MAKING A DIFFERENCE: The founder of the Chobani yogurt empire, who started with nothing as an immigrant to the US, surprised his employees today by giving back to them in a very big way: “This community and this country has been so great to us, and I’d like to return that favor…”
MAKING A DIFFERENCE: The founder of the Chobani yogurt empire, who started with nothing as an immigrant to the US, surprised his employees today by giving back to them in a very big way: "This community and this country has been so great to us, and I'd like to return that favor…" — (tap the video for sounds from this report)
Geplaatst door NBC Nightly News with Lester Holt op dinsdag 26 april 2016
Lees hier de korte versie van het artikel uit de New York Times van Stephanie Strom op 26 april 2016:
At Chobani, Now It’s Not Just the Yogurt That’s Rich
NEW BERLIN, N.Y. — The 2,000 full-time employees of the yogurt company Chobani were handed quite the surprise on Tuesday: an ownership stake that could make some of them millionaires.
Hamdi Ulukaya, the Turkish immigrant who founded Chobani in 2005, told workers at the company’s plant here in upstate New York that he would be giving them shares worth up to 10 percent of the company when it goes public or is sold.
The goal, he said, is to pass along the wealth they have helped build in the decade since the company started. Chobani is now widely considered to be worth several billion dollars.
“I’ve built something I never thought would be such a success, but I cannot think of Chobani being built without all these people,” Mr. Ulukaya said in an interview in his Manhattan office that was granted on the condition that no details of the program would be disclosed before the announcement.
“Now they’ll be working to build the company even more and building their future at the same time,” he said.
Chobani employees received the news on Tuesday morning. Each worker received a white packet; inside was information about how many Chobani shares they were given. The number of shares given to each person is based on tenure, so the longer an employee has been at the company, the bigger the stake.
“It’s better than a bonus or a raise,” said Rich Lake, an employee at Chobani. “It’s the best thing because you’re getting a piece of this thing you helped build.”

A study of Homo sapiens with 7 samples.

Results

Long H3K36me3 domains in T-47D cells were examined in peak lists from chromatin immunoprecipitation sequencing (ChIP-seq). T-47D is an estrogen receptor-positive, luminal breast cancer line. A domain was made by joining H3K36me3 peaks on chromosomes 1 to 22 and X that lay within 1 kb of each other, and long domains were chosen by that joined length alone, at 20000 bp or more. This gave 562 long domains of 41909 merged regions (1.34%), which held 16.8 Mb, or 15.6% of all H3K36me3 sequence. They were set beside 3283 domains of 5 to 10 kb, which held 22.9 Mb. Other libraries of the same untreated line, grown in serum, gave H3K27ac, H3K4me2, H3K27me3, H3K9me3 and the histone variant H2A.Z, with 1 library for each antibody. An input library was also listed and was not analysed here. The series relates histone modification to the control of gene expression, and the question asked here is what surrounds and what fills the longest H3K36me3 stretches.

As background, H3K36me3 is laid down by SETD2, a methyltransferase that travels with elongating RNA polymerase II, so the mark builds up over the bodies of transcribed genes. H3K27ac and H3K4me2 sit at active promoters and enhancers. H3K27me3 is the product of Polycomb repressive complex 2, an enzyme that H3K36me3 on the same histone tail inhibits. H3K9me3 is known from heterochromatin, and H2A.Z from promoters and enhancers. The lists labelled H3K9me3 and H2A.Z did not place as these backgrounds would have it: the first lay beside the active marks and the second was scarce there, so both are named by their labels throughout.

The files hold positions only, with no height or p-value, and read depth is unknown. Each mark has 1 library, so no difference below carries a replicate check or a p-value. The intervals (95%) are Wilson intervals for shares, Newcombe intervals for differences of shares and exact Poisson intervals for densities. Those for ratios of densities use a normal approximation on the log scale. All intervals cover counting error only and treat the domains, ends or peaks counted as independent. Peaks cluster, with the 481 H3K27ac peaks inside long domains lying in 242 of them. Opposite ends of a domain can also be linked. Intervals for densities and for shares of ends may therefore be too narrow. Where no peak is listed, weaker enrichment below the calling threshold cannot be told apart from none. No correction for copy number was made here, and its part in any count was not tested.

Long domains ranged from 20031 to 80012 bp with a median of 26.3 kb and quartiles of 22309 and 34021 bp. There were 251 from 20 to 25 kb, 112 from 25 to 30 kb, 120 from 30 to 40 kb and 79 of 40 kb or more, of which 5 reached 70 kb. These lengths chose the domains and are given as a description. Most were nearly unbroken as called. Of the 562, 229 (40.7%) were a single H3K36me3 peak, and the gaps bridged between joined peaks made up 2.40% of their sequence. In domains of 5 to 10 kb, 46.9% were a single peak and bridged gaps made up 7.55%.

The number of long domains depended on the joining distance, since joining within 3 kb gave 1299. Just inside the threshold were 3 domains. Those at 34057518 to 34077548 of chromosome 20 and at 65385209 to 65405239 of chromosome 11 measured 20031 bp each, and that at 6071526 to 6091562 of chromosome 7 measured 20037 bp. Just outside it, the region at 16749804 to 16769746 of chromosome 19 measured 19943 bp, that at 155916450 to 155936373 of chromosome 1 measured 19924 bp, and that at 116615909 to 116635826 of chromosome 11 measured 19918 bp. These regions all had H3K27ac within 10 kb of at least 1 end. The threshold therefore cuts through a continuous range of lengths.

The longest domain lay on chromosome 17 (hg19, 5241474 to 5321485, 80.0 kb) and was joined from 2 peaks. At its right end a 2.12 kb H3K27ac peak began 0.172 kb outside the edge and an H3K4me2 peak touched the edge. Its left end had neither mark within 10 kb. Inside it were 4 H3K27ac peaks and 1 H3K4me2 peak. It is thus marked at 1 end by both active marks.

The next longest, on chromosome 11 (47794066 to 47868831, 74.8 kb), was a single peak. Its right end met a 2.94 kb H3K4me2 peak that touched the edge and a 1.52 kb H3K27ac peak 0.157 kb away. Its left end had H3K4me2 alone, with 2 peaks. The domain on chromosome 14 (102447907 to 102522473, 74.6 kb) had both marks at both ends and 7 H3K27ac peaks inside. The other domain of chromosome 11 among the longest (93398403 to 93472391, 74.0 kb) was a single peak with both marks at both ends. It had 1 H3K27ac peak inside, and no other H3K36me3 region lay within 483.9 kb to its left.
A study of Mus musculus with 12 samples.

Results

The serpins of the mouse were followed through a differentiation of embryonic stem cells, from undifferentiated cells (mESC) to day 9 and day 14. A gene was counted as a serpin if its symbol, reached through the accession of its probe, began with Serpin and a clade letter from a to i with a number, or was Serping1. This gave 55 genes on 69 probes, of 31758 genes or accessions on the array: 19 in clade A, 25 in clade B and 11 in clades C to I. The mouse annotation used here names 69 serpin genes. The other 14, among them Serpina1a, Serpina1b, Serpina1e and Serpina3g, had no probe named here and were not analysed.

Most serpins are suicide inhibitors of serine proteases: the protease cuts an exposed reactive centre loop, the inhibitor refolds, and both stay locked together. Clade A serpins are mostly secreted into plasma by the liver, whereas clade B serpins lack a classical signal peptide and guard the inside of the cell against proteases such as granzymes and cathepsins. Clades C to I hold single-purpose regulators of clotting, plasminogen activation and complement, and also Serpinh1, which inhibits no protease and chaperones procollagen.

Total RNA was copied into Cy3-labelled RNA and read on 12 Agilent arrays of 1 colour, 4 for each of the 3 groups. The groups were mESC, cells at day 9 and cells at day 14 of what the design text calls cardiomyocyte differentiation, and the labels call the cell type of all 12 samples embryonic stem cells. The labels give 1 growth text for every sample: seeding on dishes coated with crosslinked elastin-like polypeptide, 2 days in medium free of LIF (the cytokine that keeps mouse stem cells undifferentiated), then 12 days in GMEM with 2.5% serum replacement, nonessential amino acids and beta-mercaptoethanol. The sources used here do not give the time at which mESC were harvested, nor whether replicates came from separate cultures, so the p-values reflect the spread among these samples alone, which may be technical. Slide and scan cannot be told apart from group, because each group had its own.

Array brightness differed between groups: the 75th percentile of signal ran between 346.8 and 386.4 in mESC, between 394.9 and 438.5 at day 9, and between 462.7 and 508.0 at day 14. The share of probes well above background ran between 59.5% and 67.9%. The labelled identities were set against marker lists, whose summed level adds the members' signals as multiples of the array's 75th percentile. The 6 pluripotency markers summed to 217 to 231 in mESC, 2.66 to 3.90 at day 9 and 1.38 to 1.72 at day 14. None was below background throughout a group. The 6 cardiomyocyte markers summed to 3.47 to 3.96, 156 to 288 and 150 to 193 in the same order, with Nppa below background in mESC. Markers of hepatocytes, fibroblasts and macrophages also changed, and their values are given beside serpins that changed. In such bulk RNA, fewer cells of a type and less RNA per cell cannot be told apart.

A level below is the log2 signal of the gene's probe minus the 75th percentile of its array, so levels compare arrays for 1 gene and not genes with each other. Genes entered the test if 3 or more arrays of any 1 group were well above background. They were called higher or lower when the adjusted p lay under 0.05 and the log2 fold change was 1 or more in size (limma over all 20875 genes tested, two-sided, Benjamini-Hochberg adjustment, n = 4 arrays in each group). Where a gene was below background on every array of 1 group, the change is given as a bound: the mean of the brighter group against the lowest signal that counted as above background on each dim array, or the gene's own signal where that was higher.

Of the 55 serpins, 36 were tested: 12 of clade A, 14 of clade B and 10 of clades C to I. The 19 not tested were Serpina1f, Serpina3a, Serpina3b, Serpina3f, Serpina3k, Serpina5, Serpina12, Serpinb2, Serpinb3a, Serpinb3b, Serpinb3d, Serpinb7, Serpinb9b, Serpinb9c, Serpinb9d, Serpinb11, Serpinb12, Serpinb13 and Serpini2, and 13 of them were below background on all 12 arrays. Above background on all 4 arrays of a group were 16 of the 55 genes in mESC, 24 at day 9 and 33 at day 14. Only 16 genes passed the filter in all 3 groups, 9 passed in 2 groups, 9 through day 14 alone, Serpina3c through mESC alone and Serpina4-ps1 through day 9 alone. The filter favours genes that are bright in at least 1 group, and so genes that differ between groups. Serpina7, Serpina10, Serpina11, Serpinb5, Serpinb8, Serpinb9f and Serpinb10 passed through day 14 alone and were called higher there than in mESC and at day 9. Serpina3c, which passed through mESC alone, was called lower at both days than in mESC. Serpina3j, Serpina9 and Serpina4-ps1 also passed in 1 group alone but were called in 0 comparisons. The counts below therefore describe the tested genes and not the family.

The shares given to Chobani employees are coming directly from Mr. Ulukaya. The shares can be sold if the company goes public or is bought by another business, neither of which seems imminent. Employees can hang onto the shares if they leave or retire, or the company will buy them back.
This sort of transfer of shares to employees is rare in the food industry. In one of the few notable examples, Bob Moore, the founder of Bob’s Red Mill, a grains and cereals company, handed control of the company to its employees in 2010 with the creation of an employee stock ownership program.
Technology start-ups often pay employees partly in shares to help recruit them or to compete in a company’s early days for in-demand workers. Early employees of Google and Facebook became overnight multimillionaires thanks to such compensation.
But unlike many of those tech companies, Mr. Ulukaya is giving his employees a piece of the company after its value is firmly established.
“It’s very uncommon and rare, especially in this industry, for these kinds of programs to be rolled out,” said Jessica Kennedy, a principal at Mercer, the large human resources consulting firm that worked with Chobani on the new program.
Chobani pays employees above the minimum wage and offers full-time employees health benefits and other benefits. Early on, Mr. Ulukaya established a 401(k) plan for employees and pushed them to participate.
“I preached and nagged and tried to force them to do it,” he said. “Unfortunately, not all did, and I’ve continued to worry about them in retirement.”
“To me, there are two kinds of people in this world,” he said on Tuesday. “The people who work at Chobani and the people who don’t.”